NURSING AND HEALTH CARE QUALITY, ACCESS AND COST
Nurses are central to consumers’ good health, especially within a changing health care system. They are positioned across the health care system to provide high quality health care, increase access to health care services, and keep costs down. Yet, as our population ages and requires more complex health care, we’re facing a shortage of nurses – 260,000 over the next 15 years.
The problem is not a lack of interest in nursing. Instead, a shortage of nursing faculty is forcing nursing schools across the country to turn away tens of thousands of qualified applicants each year – almost 50,000 in 2009 alone, according to the American Association of Colleges of Nursing, due largely to a severe shortage of faculty to teach nursing students.
Meeting the demands of an aging population requiring more complex health care in non-hospital settings is even more difficult when combined with a shortage of primary care providers. The Association of American Medical Colleges predicts a shortage of 46,000 primary care physicians by 2025.
Nurses with advanced skills and preparation can provide Americans access to high quality, cost-efficient care. Yet, the majority of practicing nurses (60 percent) enter the profession with an associate’s degree. This level of education, while an important contribution to the nursing workforce, does not create a strong pipeline for graduate level education. Simply put, Americans need more advanced practice nurses, those with graduate degrees.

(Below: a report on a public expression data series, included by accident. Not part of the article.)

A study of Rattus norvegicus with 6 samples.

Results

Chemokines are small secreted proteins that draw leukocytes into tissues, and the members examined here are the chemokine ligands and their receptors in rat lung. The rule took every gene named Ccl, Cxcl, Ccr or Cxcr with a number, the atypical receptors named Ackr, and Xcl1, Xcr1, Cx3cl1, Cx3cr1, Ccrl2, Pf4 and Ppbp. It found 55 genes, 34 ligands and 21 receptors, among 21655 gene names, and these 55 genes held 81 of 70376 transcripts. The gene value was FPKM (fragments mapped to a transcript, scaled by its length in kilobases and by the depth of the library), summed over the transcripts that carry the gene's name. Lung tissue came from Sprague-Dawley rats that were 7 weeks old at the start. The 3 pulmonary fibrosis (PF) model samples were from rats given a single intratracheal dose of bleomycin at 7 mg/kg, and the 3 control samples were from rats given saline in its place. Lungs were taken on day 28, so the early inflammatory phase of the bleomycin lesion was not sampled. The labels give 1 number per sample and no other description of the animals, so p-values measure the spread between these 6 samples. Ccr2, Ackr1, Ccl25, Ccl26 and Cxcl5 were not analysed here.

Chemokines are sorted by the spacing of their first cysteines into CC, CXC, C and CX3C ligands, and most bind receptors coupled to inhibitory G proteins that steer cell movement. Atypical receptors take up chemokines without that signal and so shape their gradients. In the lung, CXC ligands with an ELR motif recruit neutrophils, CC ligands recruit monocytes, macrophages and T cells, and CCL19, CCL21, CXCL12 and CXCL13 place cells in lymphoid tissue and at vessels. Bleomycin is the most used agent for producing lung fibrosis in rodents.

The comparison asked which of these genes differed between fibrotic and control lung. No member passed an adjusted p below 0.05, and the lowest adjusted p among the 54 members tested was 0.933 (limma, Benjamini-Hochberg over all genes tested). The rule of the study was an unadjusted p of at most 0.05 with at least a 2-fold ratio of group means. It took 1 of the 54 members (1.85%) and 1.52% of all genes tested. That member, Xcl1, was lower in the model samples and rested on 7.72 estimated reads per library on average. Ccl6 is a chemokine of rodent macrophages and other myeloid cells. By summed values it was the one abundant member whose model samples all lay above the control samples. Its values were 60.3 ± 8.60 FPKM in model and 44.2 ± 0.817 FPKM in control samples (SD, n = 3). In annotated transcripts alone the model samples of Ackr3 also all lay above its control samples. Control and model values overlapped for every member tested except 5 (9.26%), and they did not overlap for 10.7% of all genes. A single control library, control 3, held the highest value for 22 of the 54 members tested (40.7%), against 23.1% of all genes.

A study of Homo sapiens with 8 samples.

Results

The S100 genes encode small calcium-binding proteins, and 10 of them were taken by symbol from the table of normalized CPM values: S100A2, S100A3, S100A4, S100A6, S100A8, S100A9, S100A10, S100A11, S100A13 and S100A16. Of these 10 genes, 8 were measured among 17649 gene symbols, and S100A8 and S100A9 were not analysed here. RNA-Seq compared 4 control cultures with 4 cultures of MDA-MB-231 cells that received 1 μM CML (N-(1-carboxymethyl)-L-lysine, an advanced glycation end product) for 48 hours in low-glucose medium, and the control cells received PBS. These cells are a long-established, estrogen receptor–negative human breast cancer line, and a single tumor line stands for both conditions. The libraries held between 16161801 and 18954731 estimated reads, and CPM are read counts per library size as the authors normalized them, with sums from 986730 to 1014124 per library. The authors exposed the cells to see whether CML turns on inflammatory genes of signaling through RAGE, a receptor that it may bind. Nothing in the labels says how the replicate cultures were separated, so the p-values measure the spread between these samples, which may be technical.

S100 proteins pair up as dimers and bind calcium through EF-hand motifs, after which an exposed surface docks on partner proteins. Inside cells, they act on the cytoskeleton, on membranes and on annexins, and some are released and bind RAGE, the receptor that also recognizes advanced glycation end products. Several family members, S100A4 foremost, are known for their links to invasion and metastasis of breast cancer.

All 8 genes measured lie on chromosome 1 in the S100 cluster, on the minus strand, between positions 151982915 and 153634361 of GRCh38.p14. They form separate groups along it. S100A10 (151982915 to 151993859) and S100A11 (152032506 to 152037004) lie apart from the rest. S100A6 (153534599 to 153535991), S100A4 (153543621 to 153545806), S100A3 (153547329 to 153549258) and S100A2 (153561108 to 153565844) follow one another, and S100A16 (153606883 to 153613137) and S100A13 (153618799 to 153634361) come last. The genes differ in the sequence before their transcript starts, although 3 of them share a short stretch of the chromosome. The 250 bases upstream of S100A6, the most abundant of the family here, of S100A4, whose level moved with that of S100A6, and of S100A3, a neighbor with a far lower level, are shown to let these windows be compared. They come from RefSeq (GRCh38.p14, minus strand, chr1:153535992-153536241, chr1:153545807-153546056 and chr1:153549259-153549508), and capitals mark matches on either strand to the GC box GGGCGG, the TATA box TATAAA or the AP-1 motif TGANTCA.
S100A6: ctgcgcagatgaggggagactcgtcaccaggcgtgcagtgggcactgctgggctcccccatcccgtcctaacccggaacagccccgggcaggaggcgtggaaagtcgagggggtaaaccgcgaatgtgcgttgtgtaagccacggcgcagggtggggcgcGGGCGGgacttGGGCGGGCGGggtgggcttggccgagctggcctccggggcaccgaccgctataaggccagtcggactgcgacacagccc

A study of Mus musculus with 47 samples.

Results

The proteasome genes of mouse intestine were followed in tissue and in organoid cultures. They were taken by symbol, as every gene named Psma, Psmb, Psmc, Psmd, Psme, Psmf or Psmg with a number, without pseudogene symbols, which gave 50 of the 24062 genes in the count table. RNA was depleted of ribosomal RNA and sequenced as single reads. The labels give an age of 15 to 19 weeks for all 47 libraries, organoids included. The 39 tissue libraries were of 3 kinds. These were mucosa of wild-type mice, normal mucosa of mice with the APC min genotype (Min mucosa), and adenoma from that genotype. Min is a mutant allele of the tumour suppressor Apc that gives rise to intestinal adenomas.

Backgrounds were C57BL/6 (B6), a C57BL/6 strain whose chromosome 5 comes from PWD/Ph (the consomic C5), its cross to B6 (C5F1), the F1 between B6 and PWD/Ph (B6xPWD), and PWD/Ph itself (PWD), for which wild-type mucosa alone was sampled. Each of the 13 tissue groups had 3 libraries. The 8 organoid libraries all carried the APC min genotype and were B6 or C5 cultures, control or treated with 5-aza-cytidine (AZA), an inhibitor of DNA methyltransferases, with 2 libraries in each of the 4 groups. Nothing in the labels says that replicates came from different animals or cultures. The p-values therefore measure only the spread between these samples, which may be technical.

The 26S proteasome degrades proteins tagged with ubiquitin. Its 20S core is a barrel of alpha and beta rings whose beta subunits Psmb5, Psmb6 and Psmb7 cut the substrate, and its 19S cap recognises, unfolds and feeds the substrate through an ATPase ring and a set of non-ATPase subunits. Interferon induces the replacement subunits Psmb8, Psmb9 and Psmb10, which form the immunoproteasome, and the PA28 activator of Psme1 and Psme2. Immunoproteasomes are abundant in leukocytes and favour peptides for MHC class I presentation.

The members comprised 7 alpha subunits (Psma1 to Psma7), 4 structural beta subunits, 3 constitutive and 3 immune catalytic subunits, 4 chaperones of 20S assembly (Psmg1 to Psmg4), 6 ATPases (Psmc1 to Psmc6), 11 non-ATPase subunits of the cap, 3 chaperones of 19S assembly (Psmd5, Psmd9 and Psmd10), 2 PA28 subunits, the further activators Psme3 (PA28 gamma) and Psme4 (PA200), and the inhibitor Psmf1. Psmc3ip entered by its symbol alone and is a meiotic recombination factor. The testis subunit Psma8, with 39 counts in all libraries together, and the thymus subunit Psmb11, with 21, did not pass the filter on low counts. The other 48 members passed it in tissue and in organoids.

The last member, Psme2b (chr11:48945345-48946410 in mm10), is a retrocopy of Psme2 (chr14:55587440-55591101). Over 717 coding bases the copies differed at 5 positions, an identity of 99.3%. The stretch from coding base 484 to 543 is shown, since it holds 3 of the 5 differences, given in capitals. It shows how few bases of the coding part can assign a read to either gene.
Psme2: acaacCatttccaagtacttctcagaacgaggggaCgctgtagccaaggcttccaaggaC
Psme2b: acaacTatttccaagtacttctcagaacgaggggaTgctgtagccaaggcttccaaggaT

Legislative and Regulatory Action
In order to ensure we have enough highly-skilled nurses to efficiently and effectively care for Americans, AARP is advocating for a number of policy changes.
Nursing Workforce in Health Care Reform: Any health care reform legislation should include a permanent, mandatory source of funding for nursing education to increase our nation’s capacity to graduate more nurses.
Medicare Graduate Nursing Education: Medicare should support incentives to produce more highly skilled advanced practice registered nurses. AARP supports H.R. 3185 and S. 1569 that would establish a Medicare Graduate Nurse Education (GNE) program. An analysis by the Lewin Group found that such an approach could provide a 50 percent increase in the number of APRNs entering the workforce each year.
Appropriations: Departments of Labor, Health and Human Services, Education, and Related Appropriations Act for Fiscal Year 2011 should include a total increase of 15 percent. The entire increase should be targeted to efforts to reduce the shortage of nurse faculty through increased scholarships, loan repayment, technology, and other proven mechanisms.
Other Nurse Workforce Programs: Enact legislation that emphasizes nurse faculty shortage solutions and increasing nursing education capacity through existing nursing workforce programs within the Departments of Labor, Veterans Affairs, and Defense.
Barriers: Remove the numerous federal legislative and regulatory barriers that prevent advanced practice registered nurses from fully using their skills to provide services within Federal health programs.